Church settles lawsuit with nonreligious family over ‘forced’ baptism

Morning Star Friends Church in Chardon, Ohio | Google Street View

An Ohio church has settled a lawsuit brought against it by a nonreligious family that alleged their son suffered trauma after he was baptized in a full water baptism when he was 11 years old. 

On Thursday, the civil rights advocacy group American Atheists announced that parents April and Gregg DeFibaugh settled their lawsuit against a local church, pastor, a youth mentoring organization, and former volunteer mentor for performing a baptism, which they said was forced on their son who is disabled. 

The DeFibaughs, who are said to be nonreligious but don’t identify as atheist, filed a lawsuit in county court against Morning Star Friends Church in Chardon, Pastor Matthew Chesnes, and Big Brothers/Big Sisters of Northeast Ohio. 

The lawsuit claimed that despite instructions from the DeFibaughs to refrain from religious activities with their son, his Big Brother mentor often discussed religion with him. 

The lawsuit said that on Aug. 28, 2016, the mentor, church member David Guarnera, took the child to a group baptism at Morning Star Friends Church. Along with Chesnes, the mentor was accused of forcibly baptizing the child by pushing him underwater. 

“Defendant Chesnes, with the assistance of defendant Guarnera, conducted the baptism by forcing V under water and holding his head under water to the point where V felt like he was choking and could not breathe,” the lawsuit says in part. 

The parents claim that since the incident, their son suffers from anxiety and emotional distress. According to American Atheists, the child suffers from nightmares of drowning that have prevented him from sleeping. 

The legal group could not disclose the details of the settlement.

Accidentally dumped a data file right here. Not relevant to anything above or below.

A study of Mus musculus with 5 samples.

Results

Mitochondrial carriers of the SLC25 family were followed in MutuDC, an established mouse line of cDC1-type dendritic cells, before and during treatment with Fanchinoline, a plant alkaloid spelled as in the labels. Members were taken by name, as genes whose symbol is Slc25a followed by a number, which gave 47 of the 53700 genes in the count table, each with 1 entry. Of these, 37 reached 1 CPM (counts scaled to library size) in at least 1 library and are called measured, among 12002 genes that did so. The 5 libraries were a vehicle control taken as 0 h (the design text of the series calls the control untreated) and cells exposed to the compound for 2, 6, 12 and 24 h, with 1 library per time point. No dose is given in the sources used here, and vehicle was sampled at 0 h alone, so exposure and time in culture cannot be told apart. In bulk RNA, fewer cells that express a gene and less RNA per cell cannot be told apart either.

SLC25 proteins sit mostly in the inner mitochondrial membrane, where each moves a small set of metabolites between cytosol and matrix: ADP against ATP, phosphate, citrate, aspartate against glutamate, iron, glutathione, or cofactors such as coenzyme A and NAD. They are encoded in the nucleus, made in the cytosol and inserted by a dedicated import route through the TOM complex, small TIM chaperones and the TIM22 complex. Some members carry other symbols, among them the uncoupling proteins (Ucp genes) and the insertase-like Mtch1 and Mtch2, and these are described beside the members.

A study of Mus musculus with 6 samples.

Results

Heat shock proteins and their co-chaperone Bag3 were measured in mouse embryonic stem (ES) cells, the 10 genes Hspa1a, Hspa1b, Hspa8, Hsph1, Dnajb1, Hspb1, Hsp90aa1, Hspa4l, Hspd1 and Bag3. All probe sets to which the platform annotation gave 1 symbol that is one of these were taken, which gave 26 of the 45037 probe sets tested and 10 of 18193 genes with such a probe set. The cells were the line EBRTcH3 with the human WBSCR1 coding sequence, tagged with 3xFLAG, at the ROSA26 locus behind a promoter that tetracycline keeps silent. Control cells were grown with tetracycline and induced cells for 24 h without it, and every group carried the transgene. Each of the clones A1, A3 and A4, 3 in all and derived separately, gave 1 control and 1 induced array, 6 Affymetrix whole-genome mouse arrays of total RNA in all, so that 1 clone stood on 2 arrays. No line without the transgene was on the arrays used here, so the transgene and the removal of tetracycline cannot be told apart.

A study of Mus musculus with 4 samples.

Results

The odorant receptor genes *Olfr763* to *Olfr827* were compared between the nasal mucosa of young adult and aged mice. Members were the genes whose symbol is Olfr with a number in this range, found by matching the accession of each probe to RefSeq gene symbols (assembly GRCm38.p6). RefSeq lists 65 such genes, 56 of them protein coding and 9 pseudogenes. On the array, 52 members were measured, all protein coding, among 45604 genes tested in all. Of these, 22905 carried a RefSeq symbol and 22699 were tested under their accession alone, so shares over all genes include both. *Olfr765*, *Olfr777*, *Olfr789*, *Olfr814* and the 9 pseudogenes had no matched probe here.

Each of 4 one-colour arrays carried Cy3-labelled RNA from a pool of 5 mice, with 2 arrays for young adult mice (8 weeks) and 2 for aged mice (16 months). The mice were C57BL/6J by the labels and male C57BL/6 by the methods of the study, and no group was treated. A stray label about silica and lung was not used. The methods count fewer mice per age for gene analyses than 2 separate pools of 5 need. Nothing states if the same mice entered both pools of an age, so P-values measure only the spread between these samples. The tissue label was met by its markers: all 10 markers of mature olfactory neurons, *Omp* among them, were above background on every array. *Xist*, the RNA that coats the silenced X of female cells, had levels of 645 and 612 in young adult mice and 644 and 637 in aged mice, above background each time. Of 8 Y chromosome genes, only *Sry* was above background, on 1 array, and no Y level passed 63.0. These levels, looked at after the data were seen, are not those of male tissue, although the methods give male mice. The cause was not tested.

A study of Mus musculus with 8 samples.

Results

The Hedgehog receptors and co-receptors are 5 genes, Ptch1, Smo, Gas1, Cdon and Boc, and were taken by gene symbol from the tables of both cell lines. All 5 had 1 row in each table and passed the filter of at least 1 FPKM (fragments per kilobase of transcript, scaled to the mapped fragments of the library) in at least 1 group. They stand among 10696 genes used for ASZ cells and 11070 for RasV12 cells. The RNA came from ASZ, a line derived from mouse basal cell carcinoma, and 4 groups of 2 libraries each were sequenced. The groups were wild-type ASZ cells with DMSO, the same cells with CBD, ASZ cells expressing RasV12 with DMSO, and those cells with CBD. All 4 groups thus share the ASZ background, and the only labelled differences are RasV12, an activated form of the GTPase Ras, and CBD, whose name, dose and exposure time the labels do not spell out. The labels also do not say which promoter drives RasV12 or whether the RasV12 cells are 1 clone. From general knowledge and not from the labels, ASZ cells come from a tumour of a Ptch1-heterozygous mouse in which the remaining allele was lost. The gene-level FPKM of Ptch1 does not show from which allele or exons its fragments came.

“Although no settlement or verdict could undo the anguish their son suffered, the DeFibaughs are pleased with the outcome,” American Atheists’ Litigation Counsel Geoffrey Blackwell said in a statement. “They are glad that he will not have to go through the ordeal of a trial.”

The lawsuit was originally filed in March 2016 in federal court but was dismissed when a federal court concluded that guardian ad litem, Margaret Vaughan, a member of the church who worked for CASA for Kids of Geauga County, did not act as an agent of the government by proselytizing to the family and arranging Guarnera as a mentor. 

The family refiled the case in a county court in 2018 for alleged violations of state law. 

According to the Cleveland Plain Dealer, court records indicate that a Geauga County Probate Court judge approved the settlement last week. 

The Christian Post reached out to Chesnes and Morning Star Friends Church for comment on the lawsuit and legal settlement. A response is pending.

Morning Star Friends Church describes its mission as making “disciples who love Jesus, connect people, share hope, and celebrate life.”

Chesnes received a doctorate of ministry from Fuller Theological Seminary and has taught online classes at Barclay College. He also serves as an adjunct professor at Malone University.